How the death’s head hawkmoth transmits terror and confusion


It’s ‘skull’ repels birds, its squeaking genitalia baffle bats and it is covered in waxy particles better to raid honeybee nests

Death's head hawkmoth

Patrick Barkham
Sat 30 Oct 2021 01.00 EDT

One recent 31 October, I jumped from my chair at a sinister squeaking by my bookshelf. I thought it was a mouse but it was the perfect harbinger of Halloween: a death’s head hawkmoth.

The largest moth to fly in Britain is a rare migrant but even in late autumn individuals can be swept across the Channel. “My” hawkmoth had pupated in a plant pot after my children and I reared some of its personable caterpillars.

The death’s head has evoked terror from ancient to recent times (it’s The Silence of the Lambs moth) because above its yellow-and-black striped body is a skull and crossbones pattern.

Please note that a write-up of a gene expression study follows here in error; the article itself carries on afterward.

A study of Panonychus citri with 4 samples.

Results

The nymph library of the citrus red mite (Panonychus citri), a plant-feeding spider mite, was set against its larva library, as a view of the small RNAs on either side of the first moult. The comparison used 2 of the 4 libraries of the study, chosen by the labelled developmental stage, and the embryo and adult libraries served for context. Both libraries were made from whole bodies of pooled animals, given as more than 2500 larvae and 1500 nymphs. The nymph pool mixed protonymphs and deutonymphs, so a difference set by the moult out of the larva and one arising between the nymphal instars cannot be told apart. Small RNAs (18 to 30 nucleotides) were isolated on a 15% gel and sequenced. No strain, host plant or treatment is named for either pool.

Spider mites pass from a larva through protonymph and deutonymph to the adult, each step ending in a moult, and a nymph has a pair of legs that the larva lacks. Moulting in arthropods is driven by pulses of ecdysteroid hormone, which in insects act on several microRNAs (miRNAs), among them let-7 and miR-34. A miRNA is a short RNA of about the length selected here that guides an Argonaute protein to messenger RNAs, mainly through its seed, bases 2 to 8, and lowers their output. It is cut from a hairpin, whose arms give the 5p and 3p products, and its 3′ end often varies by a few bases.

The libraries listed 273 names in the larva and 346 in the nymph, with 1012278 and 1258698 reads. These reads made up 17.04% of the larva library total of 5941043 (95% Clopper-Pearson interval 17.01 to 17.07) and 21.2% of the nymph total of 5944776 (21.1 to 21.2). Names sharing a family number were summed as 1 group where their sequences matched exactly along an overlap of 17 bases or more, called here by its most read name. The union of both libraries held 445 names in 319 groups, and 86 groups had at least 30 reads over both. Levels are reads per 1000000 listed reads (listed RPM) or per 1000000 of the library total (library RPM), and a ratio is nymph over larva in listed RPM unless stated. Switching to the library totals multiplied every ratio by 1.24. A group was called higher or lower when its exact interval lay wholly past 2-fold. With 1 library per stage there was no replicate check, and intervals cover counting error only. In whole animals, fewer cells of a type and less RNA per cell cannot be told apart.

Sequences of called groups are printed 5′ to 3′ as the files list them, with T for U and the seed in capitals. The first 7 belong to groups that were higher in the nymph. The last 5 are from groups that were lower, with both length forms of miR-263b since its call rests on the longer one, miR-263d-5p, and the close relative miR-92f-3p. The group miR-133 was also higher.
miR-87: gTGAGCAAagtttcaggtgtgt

What we perceive is a world away from other creatures, as Philip Howse explains in Bee Tiger, an exhilarating new book about this amazing moth. Upside down, as seen by birds, the “skull” resembles a giant hornet’s head.

This is one of many deceptions. The squeaking bamboozles mice while ultrasonic sounds – emitted from its genitalia – baffle bats. The moth is even covered in waxy particles, which act as an invisibility cloak so it can raid honeybee nests with impunity.

As Howse reveals, this incredible insect is no outlier: all species communicate in languages that scientists continue to unravel, enlarging our perception and sense of wonder too.